People sometimes refer to schupfnudeln as finger noodles, or fingernudeln. This is because one shapes the noodles by hand with their fingers, and also because the finished noodles are roughly the size of fat fingers. Another name for the pasta-like food is bubespitzle, which translates literally to "boy penises."
Traditionally, a schupfnudel is made with rye or wheat flour, egg or potatoes. Basic spices like salt and pepper are in most recipes. Nutmeg also is a common seasoning. The exact spices used usually depend on other dishes the cook pairs with the finger noodles, however. The dish people serve most often with bubespitzle is sauerkraut, which is shredded sour cabbage.
Cooks who opt not to use sauerkraut with a schupfnudel recipe usually replace the sauerkraut with some kind of meat, often sausage. If a cook doesn't have any meat on hand, fried foods like fried onions are complimentary to schupfnudeln due to the final cooking process of the noodles.
To make finger noodles with potatoes, the potatoes are first boiled in water. After letting the potatoes cool, the cook peels the potatoes and either shreds them with a grater or mashes them with a potato masher. The next step is to add flour and the spices to the potatoes and knead the mixture until it is the consistency of bread dough.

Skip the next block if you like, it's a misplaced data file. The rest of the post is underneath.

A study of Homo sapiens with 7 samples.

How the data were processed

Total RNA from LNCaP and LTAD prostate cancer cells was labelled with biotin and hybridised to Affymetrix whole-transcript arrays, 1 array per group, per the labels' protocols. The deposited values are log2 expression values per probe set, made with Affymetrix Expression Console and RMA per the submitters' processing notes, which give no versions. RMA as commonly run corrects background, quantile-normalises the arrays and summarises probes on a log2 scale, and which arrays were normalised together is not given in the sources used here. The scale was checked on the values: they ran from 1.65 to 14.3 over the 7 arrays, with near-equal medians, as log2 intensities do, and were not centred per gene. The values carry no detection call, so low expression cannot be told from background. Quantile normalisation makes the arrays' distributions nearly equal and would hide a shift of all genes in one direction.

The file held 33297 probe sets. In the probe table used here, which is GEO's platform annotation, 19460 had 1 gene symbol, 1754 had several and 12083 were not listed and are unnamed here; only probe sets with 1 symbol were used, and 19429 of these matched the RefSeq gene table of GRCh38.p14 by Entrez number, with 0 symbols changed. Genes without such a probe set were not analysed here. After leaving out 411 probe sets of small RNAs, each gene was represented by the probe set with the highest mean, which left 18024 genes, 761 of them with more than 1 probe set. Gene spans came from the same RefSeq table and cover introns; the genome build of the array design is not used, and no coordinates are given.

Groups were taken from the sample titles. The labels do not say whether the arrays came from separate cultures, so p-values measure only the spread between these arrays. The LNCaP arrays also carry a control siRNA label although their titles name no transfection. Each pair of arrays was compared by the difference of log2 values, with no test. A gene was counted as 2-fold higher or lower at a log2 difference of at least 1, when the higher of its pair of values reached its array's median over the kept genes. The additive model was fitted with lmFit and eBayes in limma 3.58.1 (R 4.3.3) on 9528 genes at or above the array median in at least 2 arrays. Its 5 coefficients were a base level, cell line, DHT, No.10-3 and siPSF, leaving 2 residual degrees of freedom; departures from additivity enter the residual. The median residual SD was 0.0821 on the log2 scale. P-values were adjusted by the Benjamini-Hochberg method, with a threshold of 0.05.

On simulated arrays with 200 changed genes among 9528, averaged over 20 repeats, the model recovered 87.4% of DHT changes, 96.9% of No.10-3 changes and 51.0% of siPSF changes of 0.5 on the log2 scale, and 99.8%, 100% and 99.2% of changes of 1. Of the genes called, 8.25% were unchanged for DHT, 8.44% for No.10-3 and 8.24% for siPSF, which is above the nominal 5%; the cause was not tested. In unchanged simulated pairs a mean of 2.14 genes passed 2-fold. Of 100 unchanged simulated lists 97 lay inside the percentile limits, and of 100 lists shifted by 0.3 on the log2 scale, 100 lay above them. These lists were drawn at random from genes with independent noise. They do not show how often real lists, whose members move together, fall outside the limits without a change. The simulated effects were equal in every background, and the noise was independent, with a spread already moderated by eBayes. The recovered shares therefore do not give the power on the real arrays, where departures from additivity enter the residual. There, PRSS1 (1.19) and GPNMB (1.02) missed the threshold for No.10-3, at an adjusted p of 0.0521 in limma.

Once the dough is ready, the cook rolls the dough into long strips, then cuts them into shorter strips and hand-shapes each one so the noodles taper at the end. The simplicity of this task and the fun of getting one's hands directly into the dough make schupfnudeln a perfect dish for children to help make.
When a cook has prepared the raw finger noodles, he cooks them in hot water until they float to the top. He removes each schupfnudel from the hot water and rinses them in cool water to stop the cooking action. Lastly, the cook fries the finger noodles in oil or butter, making the outside of every schupfnudel very lightly browned and crispy. Cooks usually blot the finished noodles with a towel or napkin before serving to eliminate extra oil or butter that remains from frying.
Schupfnudeln relies on a flour or potato mixture. It thus is a major source of carbohydrates at a meal. The frying process also makes finger noodles a very heavy and fulfilling dish.